United States: California Supreme Court Adopts Stricter Test For Independent Contractor Status Under The Wage Orders

On April 30, 2018, in Dynamex Operations v. Superior Court, the California Supreme Court drastically altered the applicable standard used for the past three decades to evaluate a worker's proper classification as an employee or independent contractor. The new and more stringent classification test, commonly called the "ABC Test," presumes workers are employees as opposed to independent contractors, unless the employer can prove that the following three factors are met: 1) the worker is free from the control and direction of the presumed employer in connection with the work performed, both under the contract and in fact, and (2) the worker performs work outside the usual course of the presumed employer's business, and (3) the worker is "customarily engaged" in an independently established trade, occupation, or business as the work he or she is performing for the presumed employer.

I. Overview of the Prior Independent Contractor v. Employee Test in California (The Borello Test)

Prior to Dynamex, the reigning approach to evaluating classification was the "Borello Test" derived from the 1989 case, S.G. Borello & Sons, Inc. v. Dept. of Industrial Relations. The California Supreme Court in Borello considered whether farmworkers were appropriately classified as independent contractors and settled on a multi-factor approach which collectively weighed all criteria to render a classification. The most important factor was whether the purported employer had the right to control workers claiming employee status. Courts were also to consider a number of secondary factors, including: (1) whether the person performing work was engaged in an occupation or business that was distinct from that of the company; (2) whether the work was part of the company's regular business; (3) whether the company or the worker supplied the equipment, tools, and the place for the person doing the work; (4) the worker's financial investment in the equipment or materials required to perform the work; (5) the skill required in the particular occupation; (6) the kind of occupation, with reference to whether, in the locality, the work was usually done under the company's direction or by a specialist without supervision; (7) the worker's opportunity for profit or loss depending on his or her own managerial skill; (8) how long the services were to be performed; (9) the degree of permanence of the working relationship; (10) the payment method, whether by time or by the job; and (11) whether the parties believed they were creating an employer/employee relationship. 

II. The Court in Dynamex Adopts the "ABC Test"

California's Wage Orders have three alternative definitions of the term "employ": (a) to exercise control over the wages, hours, or working conditions; (b) to suffer or permit to work; or (c) to engage, thereby creating a common law employment relationship. The California Supreme Court in Dynamex emphasized that the "suffer or permit to work" language is purposefully broad, and ultimately renders more workers employees as opposed to independent contractors. The Court found that Borello's multi-factor, non-conclusive test was too broad and indeterminate. Instead, the Court approved the use of the "ABC Test" used by sister-state jurisdictions, to define the "suffer or permit to work" language, and thus to ultimately differentiate independent contractors from employees in claims arising under the wage orders.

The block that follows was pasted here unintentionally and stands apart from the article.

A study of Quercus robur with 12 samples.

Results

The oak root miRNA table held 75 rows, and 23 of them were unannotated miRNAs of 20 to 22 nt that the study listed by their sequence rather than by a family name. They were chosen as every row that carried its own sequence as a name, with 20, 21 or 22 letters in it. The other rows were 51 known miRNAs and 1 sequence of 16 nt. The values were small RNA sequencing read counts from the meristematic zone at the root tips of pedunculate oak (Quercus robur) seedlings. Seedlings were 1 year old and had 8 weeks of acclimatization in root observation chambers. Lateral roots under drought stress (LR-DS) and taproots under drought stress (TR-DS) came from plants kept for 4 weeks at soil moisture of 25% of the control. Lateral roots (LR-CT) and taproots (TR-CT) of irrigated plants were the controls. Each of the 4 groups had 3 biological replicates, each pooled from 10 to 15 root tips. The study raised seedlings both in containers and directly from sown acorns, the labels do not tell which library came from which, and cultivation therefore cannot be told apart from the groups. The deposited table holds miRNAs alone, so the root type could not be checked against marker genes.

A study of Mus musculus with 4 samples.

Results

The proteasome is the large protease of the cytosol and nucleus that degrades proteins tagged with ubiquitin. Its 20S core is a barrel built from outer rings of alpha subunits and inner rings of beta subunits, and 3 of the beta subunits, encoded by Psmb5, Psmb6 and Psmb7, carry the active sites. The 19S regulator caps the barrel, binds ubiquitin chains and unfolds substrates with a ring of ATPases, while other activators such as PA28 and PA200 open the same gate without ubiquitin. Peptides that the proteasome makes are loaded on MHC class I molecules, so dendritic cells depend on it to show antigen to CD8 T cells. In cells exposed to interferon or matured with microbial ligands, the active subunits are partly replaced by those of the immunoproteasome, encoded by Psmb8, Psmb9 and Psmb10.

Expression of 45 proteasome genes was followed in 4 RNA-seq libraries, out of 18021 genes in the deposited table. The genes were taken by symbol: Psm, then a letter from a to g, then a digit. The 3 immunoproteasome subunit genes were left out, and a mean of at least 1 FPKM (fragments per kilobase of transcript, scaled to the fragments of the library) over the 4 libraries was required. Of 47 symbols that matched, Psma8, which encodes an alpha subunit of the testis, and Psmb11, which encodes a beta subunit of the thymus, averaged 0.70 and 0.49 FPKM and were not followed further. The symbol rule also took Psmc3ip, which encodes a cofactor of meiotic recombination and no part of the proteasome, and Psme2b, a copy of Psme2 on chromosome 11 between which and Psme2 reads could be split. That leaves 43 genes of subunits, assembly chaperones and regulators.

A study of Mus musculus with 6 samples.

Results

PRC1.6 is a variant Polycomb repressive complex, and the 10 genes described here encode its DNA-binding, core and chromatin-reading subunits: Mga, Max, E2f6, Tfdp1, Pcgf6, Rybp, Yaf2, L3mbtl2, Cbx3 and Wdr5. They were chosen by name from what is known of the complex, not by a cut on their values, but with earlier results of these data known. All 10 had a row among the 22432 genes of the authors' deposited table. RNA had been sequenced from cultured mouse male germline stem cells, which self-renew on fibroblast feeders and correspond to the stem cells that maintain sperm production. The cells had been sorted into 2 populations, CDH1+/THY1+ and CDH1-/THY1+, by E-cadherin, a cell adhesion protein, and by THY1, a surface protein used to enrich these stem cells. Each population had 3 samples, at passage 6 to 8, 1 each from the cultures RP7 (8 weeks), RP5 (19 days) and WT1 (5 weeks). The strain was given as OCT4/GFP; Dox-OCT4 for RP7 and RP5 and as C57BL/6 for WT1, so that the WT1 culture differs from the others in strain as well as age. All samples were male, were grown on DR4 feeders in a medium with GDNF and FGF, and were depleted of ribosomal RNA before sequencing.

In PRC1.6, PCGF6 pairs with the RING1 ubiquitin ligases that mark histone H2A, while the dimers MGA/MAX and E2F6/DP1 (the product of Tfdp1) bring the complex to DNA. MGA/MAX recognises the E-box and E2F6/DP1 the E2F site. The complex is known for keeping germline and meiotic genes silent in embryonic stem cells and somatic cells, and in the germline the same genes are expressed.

The three-part "ABC Test" presumes workers are employees unless the presumed employer establishes that: (1) the worker is free from the control and direction of the presumed employer in connection with the work performed, both under the contract and in fact, and (2) the worker performs work outside the usual course of the presumed employer's business, and (3) the worker is "customarily engaged" in an independently established trade, occupation or business as the work he or she is performing for the presumed employer.

Unlike the Borello test, the more structured and concise "ABC Test" requires that each of the three conditions be satisfied for a worker to be deemed an independent contractor. Notably, the Court declined to decide whether the ABC Test extends to claims not arising under the Wage Orders, so at present the Borello Test appears to be the appropriate test for wage and hour claims.

III. Future Implications

The new, more concise test ultimately raises new hurdles for employers looking to classify workers as independent contractors. It also creates the prospect of a worker being deemed an employee for purposes of claims under the wage orders and an independent contractor for purposes of claims under the Labor Code, since the Court declined to decide whether the new "ABC Test" applies to claims not arising under the wage orders.

More individuals will be classified as employees due to the underlying presumption to the "ABC Test." This will result in a heavier cost of doing business in California, as employers will be forced to comply with California wage and hour laws for a greater percentage of their workforce. Employers will further be forced to pay for workers' compensation insurance for a much higher percentage of their workforce, and will also need to comply with applicable state and federal tax requirements for a larger portion of workers.

While this decision will ultimately be more costly to employers, it may also provide much more clarity on classification in the future. As independent contractor classifications have been heavily challenged in California wage and hour cases, companies should review their independent contractor classification policies to ensure compliance with the new standard.

The content of this article is intended to provide a general guide to the subject matter. Specialist advice should be sought about your specific circumstances.